Patreon button  Steam curated reviews  Discord button  Facebook button  Twitter button 
3DS | PC | PS4 | PS5 | SWITCH | VITA | XB1 | XSX | All

GungHo set to bring Grandia + Grandia II HD Remaster to Nintendo Switch

Grandia HD Collection image

The company revealed the news in a press release announcing its PAX West lineup.

One of the classic RPGs of the PlayStation era, Grandia, is coming to Nintendo Switch. It will be featured alongside Grandia II as part of a special bundle, publisher GungHo announced today.

"GungHo Online Entertainment America is bringing the critically-acclaimed RPGs Grandia + Grandia II HD Remaster as a combo pack to the Nintendo Switch handheld console later this winter," reads the relevant paragraph in a longer press release GungHo posted on its site. "Grandia HD Remaster will make its way to Steam as well to accompany Grandia II, which fans can already download and play."

No additional details were shared, though the announcement shouldn't have come as a complete surprise. A year or two back, GungHo was passing around polls to see what properties fans might like to see revived, shortly after its acquisition of GameArts (the studio that was largely responsible for the original Grandia titles). Apparently, fans showed a lot of love for the niche RPG series.

Grandia was originally released on the SEGA Saturn in 1997, and a Sony PlayStation port followed in 1999, which was (heavily) localized and published by Sony. Grandia II followed on the SEGA Dreamcast in 2000 and PlayStation 2 in 2002. Square Enix published a third Grandia title on PlayStation 2 in 2006 that seems largely to have been forgotten (it may yet arrive as a digital PS2 title on the PS4, though the more time that passes without that actually occurring, the less likely such an event seems).

Both games in the bundle will presumably look about as good as Grandia II Anniversary Edition on Steam (currently pictured above), once the package is released this winter. That would explain why the first game is getting an updated version for Steam and the second one will merely be left as-is.

Did you enjoy the original Grandia and Grandia II? Are you happy to see the series receive fresh attention in 2018? And perhaps most importantly, what does this mean for Lunar?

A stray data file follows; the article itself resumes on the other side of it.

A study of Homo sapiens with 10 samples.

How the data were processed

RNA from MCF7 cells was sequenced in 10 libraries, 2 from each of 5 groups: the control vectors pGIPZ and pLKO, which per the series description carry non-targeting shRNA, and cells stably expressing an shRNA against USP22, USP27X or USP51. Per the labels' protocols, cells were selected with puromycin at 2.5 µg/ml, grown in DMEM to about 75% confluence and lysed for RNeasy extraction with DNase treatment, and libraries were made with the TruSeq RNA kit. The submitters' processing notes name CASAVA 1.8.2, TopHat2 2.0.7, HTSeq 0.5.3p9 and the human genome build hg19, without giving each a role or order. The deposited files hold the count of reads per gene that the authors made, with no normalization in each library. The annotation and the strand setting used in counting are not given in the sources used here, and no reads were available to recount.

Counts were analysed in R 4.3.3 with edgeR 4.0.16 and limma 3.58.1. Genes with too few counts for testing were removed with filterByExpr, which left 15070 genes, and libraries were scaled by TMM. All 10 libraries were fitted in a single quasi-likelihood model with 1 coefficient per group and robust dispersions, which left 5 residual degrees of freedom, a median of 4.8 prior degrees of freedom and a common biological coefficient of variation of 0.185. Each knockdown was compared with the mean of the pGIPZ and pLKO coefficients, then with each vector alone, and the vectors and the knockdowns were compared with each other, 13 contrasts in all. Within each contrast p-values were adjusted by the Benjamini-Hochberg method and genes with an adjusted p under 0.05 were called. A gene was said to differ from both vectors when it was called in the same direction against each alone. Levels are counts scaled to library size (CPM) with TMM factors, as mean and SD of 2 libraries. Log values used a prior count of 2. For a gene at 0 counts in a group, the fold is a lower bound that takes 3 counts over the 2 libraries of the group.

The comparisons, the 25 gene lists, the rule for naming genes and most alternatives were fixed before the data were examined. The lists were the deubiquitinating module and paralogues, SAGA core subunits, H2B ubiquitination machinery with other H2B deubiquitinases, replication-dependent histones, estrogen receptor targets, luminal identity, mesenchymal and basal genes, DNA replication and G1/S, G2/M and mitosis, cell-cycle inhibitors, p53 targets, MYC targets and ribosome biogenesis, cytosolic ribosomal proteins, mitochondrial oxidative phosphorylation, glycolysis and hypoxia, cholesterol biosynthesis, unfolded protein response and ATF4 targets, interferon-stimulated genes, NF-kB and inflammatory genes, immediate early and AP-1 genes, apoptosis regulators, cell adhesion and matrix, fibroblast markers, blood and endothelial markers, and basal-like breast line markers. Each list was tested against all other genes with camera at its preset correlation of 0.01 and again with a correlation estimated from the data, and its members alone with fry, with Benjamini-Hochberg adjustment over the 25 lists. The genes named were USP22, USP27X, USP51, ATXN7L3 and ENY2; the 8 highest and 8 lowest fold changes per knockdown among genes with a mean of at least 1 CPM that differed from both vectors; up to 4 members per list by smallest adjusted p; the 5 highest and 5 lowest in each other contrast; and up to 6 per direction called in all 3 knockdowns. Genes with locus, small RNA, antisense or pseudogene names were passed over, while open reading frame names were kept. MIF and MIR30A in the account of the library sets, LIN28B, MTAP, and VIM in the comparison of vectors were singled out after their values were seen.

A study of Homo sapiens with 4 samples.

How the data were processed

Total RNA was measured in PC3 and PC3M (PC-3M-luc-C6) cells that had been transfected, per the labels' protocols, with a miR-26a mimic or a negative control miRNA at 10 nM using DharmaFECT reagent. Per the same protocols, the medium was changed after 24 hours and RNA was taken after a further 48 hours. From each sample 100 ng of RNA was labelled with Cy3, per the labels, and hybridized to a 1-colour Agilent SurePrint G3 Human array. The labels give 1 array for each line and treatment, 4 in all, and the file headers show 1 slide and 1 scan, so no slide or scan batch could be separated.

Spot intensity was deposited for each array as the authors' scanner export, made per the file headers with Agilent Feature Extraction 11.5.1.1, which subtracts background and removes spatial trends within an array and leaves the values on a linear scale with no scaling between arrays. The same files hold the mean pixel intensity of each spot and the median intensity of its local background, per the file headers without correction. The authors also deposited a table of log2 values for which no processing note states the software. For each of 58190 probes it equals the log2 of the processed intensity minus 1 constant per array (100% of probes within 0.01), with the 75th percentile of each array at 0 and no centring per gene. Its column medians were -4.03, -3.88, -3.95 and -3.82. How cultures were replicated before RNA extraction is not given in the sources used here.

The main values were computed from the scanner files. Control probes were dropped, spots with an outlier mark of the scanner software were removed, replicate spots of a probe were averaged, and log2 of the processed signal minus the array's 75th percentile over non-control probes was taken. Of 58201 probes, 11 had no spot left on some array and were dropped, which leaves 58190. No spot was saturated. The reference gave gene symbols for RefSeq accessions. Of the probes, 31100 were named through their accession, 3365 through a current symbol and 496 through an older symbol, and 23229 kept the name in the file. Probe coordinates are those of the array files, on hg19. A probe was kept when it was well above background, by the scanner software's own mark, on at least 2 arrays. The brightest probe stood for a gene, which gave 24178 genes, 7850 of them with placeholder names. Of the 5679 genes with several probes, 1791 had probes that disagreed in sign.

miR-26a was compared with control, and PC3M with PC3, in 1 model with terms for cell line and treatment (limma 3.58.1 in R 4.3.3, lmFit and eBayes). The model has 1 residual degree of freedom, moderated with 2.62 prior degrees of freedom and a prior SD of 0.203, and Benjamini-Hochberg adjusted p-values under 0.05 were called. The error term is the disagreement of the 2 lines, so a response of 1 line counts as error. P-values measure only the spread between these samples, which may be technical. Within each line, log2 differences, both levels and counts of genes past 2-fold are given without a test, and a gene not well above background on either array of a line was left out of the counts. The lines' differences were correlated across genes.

honestgamer's avatar
Staff article by Jason Venter (August 20, 2018)

Jason Venter has been playing games for 30 years, since discovering the Apple IIe version of Mario Bros. in his elementary school days. Now he writes about them, here at HonestGamers and also at other sites that agree to pay him for his words.

Recent News Articles

Feedback

If you enjoyed this Grandia HD Collection article, you're encouraged to discuss it with the author and with other members of the site's community. If you don't already have an HonestGamers account, you can sign up for one in a snap. Thank you for reading!

board icon
JoeTheDestroyer posted August 21, 2018:

I'd totally buy this.
board icon
EmP posted August 21, 2018:

I find myself caring about this.
board icon
joseph_valencia posted August 21, 2018:

Now EmP can relive his favorite ending in glorious HD!

I wonder if this new release will feature a new localization to go with it?
board icon
EmP posted August 21, 2018:

Excellent memory - that ending remains an absolute travesty.

You must be signed into an HonestGamers user account to leave feedback on this article.

User Help | Contact | Ethics | Sponsor Guide | Links

eXTReMe Tracker
© 1998-2020 HonestGamers
None of the material contained within this site may be reproduced in any conceivable fashion without permission from the author(s) of said material. This site is not sponsored or endorsed by Nintendo, Sega, Sony, Microsoft, or any other such party. Grandia HD Collection is a registered trademark of its copyright holder. This site makes no claim to Grandia HD Collection, its characters, screenshots, artwork, music, or any intellectual property contained within. Opinions expressed on this site do not necessarily represent the opinion of site staff or sponsors. Staff and freelance reviews are typically written based on time spent with a retail review copy or review key for the game that is provided by its publisher.